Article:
I’ve gotten used to the white dishes with the tiny blue flowers in the kitchen cupboard and I’m okay with the cast iron skillet of which she’s surely cooked thousands of meals. It’s broken-in and we both know, cast iron skillets like that are hard to find.
The chandelier in the living room still casts light as brightly as when her hands polished it. On each end of the fireplace mantle her pillar candles with ribbon bands still cozy up to two busts of Victorian ladies with real feathers in their hat. It doesn’t bother me anymore that photo of her as a young girl or the one of her sitting on the couch surrounded by all the dolls she and you collected. I hardly notice them tucked away as they are in a corner on that small antique table that you say she loved. I’ve gotten used to all the paintings she did that hang on every living room wall. I’ve even grown fond of the one in our bedroom of the ballerina at her vanity and being a cat lover all those paintings showcasing various cats that you and she have had over the years.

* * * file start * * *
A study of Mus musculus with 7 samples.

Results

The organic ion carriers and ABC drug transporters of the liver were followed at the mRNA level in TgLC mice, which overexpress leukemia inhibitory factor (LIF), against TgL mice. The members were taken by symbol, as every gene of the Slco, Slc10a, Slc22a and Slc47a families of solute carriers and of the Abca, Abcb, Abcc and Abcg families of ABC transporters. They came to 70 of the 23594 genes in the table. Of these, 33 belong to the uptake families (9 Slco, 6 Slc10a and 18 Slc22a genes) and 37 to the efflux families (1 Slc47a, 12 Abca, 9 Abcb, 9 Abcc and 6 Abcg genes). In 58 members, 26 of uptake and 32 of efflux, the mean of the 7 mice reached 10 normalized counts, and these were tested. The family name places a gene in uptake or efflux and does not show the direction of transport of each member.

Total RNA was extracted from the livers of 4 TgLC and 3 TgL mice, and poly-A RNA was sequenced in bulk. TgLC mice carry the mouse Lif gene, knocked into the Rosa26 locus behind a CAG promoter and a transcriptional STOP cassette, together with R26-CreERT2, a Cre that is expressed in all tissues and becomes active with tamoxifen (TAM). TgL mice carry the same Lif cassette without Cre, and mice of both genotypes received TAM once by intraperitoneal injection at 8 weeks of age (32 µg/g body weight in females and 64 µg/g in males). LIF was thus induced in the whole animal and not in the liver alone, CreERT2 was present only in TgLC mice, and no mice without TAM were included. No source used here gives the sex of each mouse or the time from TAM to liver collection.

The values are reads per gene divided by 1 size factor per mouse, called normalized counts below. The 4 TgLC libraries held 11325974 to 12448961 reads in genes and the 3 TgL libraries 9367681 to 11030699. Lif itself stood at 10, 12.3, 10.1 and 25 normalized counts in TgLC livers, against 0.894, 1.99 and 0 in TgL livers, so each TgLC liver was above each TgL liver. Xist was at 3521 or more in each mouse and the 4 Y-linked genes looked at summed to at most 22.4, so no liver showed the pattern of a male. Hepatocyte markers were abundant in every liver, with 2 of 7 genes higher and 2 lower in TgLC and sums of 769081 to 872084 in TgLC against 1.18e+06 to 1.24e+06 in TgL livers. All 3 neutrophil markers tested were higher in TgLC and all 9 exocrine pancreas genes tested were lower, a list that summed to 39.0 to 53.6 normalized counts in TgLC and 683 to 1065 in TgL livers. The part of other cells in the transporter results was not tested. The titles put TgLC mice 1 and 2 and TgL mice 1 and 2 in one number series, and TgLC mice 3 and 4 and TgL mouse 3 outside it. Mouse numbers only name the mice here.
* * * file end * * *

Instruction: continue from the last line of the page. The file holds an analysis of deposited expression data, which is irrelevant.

My clothes occupy the same space in the dresser as did hers and hang in the closet on hangers she must have used as well. And I can’t help but wonder if she ever slid open the closet door, as I do, to retrieve one of your old long-sleeved white shirts to wear to bed.
It took me a few years, but I finally asserted myself and asked you to pack away those porcelain tragedy masks that she hung on every kitchen wall and in the hall because I couldn’t bear the blank eyes that seemed to stare and follow me from room to room. If only I could get you to toss those old check registers that bear her handwriting, those weathered greeting cards from friends and acquaintances I will never know, the ragged pot holders and dish towels and countless other things that you hold onto from the past.